They aren’t a new rock group or an apocalyptic religious cult. Millennials, also known as the Generation Y, are today’s young adults ages 18 to 34 or those born from the early 1980s to the early 2000s. Also referred to as “The Next Great Generation,” this cohort reportedly has a purchasing power of USD 1.3 trillion annually in the US alone. With a population of 86 million in the US, 7% higher than the baby boomers, this spending power is seen to grow further in the coming years.
If you wish to tap into this profitable market, here are three things you need to know about their reading behavior and interests.
1. They DO read
A 2014 study reports that the younger generation is outreading the older ones. The findings reveal that average reading time for ages 15 to 24 is 50 minutes per day, higher than those ages 25 to 64 who only spends 32 minutes on reading.
It is also interesting to note that while millennials are surrounded by technology, they are more likely than their elders to say that important information is not available on the Internet.
2. Millennials are experts at scanning
Because most of them spend time online to look for reading or educational materials on information-laden search engines, many millennials are skilled at scanning information.
I don’t read books per se, I go to Google and I can absorb relevant information quickly. Some of this comes from books. But sitting down and going through a book from cover to cover doesn’t make sense. It’s not a good use of my time as I can get all the information I need faster through the web. You need to know how to do it — to be a skilled hunter, said a student from Florida state.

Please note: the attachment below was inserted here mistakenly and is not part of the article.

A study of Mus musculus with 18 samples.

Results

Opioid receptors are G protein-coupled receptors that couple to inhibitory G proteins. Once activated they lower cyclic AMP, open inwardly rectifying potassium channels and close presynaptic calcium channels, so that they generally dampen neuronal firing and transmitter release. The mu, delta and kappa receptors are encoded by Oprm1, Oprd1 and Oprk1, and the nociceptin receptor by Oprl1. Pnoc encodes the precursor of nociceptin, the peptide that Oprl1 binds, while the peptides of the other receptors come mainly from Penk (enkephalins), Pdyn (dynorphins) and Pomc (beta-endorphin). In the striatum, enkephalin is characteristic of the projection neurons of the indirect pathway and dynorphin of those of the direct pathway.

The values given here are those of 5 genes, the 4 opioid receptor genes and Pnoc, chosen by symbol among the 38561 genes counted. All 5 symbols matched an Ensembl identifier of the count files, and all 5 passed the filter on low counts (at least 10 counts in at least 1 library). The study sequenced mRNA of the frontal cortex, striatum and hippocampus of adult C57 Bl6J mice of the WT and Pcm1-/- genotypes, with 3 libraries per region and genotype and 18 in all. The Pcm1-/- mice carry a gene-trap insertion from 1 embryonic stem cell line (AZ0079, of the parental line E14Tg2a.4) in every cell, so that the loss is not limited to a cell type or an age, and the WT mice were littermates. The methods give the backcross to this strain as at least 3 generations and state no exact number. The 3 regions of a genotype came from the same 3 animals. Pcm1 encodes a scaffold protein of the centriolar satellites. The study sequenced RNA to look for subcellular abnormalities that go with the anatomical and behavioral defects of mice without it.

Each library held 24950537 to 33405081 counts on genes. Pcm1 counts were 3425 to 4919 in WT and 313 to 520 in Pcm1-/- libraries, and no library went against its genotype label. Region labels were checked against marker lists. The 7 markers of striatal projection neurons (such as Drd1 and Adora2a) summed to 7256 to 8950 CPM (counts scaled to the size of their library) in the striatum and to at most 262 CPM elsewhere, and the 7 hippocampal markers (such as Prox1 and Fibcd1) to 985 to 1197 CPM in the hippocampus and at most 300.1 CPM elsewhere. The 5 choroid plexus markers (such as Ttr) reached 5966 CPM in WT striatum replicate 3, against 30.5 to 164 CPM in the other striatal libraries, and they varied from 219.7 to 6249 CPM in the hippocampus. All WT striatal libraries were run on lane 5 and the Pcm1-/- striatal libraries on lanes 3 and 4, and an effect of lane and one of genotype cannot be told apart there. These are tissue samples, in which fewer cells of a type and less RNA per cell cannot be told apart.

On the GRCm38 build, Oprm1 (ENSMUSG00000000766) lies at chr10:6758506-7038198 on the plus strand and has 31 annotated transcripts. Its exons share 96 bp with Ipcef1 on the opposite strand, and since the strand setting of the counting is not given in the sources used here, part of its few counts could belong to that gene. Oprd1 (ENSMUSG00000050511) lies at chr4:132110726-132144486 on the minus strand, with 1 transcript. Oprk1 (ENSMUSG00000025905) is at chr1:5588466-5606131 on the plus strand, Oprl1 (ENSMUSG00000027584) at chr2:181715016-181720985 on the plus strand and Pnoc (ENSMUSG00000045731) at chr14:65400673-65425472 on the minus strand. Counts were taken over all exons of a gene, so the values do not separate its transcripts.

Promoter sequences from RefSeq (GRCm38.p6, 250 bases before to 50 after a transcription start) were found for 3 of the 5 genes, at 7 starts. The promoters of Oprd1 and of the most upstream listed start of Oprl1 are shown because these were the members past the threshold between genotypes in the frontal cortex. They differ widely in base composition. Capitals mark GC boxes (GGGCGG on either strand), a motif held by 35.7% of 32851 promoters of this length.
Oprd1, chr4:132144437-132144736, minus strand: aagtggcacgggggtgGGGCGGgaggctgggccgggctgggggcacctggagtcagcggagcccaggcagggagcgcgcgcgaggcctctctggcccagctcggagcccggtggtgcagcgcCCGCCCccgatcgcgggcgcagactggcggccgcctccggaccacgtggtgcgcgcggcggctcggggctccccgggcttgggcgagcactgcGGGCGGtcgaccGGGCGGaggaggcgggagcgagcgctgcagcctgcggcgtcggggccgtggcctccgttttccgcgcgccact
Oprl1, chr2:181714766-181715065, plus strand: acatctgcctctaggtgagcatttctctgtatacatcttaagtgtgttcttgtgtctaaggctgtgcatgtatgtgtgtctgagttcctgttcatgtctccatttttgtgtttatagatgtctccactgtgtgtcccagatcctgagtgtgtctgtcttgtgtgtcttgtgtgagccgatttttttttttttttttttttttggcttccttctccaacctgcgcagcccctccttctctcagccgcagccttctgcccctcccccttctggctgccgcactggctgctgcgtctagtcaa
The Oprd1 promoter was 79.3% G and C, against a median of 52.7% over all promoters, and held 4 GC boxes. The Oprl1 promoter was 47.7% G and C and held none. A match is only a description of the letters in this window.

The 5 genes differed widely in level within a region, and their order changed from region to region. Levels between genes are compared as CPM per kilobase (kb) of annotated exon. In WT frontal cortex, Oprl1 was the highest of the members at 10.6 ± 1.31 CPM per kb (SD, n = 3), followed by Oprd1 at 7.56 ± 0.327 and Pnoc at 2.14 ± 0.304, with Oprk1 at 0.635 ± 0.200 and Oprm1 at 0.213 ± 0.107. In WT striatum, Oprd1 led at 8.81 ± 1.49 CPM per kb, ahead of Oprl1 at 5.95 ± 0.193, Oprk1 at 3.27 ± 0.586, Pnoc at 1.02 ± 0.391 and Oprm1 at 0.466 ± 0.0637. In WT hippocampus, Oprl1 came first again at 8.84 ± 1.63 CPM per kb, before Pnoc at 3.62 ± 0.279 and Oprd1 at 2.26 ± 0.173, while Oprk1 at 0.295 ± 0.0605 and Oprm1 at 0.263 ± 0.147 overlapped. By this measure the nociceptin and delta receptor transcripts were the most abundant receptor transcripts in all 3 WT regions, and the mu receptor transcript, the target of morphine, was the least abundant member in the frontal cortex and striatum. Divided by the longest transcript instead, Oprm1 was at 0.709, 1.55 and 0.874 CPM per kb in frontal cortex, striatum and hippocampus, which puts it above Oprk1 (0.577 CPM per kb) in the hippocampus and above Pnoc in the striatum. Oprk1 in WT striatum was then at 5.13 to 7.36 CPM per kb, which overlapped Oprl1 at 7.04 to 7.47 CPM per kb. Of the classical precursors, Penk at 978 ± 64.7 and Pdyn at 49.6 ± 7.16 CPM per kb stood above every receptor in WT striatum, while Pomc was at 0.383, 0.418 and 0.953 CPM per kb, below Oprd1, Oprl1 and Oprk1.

The takeaway and challenge here may be to create products that would be relevant to the needs of and appealing to this generation. How do you write a book that will appeal to scanners? Consider that challenge as a writing prompt.
… millennials are focused on solving real life problems through online research — both in search and social media. Brands that can bring relevant, simple solutions to real world problems are the ones that are going to win attention from this generation, stressed entrepreneur and marketer Sujan Patel.
3. Presentation matters
Their ability to take loads of information in the speed of a Google search or a tap of their mobile phones should serve as your guideline in product design and branding. Mobile and social media engagement are essential in your marketing.
A marketing and research specialist on Millennial Marketing has this observation:
It is striking how much more attuned younger consumers are to the way information appears on the page. Older consumers tend to overlook poor design and focus on the meaning. Millennials have a hard time getting past the way it looks.